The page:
Is your business direction as clear as mud?

by Tara Fitness

When I decided to start my personal training business in 2015, I thought my Certificate III and IV in Fitness was all I needed to get started. I’d come from a successful career in welfare. One where I worked hard, was good at my job and received a promotion as a result. I was confident my work ethic would set me up for success.

In truth, my training, skills and experience were enough to get me started. However, it’s only years later I’ve come to understand how unprepared I was for the world of entrepreneurship.

Sure I could write a pretty damn good training plan. But a business plan wasn’t in the curriculum. I’m ashamed to admit; I only finished my first business plan in February this year. Yes, 2 and a half years after I started my business. It shows my business direction throughout that time was as clear as mud. But, if I’m honest, I don’t feel I was prepared to write a business plan any time before that.

As for a day to day plan, I was making that up as I went.

I took advice from as many sources as I could, sifting through piles of information and implementing what seemed credible. I implemented the hell out of a lot of strategies, but in doing so, I spread myself too thin. I was mediocre at everything, which meant I wasn’t a standout at anything.

I’m starting to feel like I might just have worked out how to avoid these mistakes in the future (although I have to credit Alex Mullan and his daily tales of sorcery for leading me in the right direction).

You see, in my latest venture – that of a copywriter for fitness businesses –  my business direction is crystal clear. Every morning I wake up knowing exactly what I have to do, and where I’ll end up if I do.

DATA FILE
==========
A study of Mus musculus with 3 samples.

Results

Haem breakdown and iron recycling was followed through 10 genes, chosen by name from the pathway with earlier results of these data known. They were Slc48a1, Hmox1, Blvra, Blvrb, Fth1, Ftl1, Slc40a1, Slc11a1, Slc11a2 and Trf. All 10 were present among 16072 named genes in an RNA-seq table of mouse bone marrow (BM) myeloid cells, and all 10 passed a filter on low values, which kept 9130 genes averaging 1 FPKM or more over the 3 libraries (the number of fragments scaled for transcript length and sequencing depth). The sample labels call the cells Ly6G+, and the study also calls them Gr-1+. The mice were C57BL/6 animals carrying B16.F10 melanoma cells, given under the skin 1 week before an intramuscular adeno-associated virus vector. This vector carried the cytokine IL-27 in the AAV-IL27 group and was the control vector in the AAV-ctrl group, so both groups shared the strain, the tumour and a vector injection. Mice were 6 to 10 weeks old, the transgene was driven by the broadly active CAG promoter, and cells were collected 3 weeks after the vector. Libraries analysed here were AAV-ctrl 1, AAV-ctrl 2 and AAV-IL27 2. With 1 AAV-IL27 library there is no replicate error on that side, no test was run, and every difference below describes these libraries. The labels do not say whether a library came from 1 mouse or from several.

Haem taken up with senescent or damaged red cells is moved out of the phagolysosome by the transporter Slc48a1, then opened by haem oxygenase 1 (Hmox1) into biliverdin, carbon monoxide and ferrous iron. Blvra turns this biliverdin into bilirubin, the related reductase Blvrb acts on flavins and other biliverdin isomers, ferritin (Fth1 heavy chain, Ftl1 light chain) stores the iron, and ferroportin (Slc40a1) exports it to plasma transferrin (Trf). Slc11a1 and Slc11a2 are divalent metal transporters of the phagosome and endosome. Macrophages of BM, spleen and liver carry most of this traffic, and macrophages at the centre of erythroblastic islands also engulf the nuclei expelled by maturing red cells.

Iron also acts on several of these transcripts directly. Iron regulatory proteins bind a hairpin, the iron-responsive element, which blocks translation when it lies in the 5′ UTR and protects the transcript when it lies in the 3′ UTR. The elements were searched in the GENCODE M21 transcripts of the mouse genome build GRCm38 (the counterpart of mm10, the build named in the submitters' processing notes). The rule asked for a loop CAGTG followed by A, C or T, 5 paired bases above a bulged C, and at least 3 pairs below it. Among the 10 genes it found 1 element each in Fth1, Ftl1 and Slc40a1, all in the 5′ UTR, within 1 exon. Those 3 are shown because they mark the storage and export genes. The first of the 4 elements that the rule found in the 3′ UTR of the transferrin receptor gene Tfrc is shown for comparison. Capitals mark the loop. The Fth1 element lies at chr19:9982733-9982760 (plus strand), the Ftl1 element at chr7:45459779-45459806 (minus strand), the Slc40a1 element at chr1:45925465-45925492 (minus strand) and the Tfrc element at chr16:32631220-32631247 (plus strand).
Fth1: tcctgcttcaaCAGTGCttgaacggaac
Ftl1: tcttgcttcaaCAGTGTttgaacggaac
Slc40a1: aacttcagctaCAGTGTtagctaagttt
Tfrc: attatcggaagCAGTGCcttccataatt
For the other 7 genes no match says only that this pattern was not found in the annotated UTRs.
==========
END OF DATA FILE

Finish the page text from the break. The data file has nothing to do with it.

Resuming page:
For the first time in my entrepreneurial journey, I feel like I have a plan that will undoubtedly lead to success.

And it all starts with minimalism.

When you’re thrashing about, rushing, busy, stressed and overwhelmed, all that movement only stirs up the mud and muddies the pond.

But when you have a clear direction and take long, clean strokes, two things happen. The pond stays clear, and you get to where you’re going a lot faster.

Dory said “just keep swimming”, but it’s not enough to do whatever it takes to keep your head above water. The key is to improve your swim stroke, so you move through the water as efficiently as possible, cutting through the water rather than fighting against it.

So rather than trying to do everything at once, my smooth swim stroke looks like this:

—> write at least 500 words every day to improve my craft; and

—> make sure everybody knows about me.

They are the only two goals I pursue every day. First thing in the morning, I write. When I’m done, I share it with the world.

That’s how I maintain a clear direction in my business. That’s how, this time, I will succeed.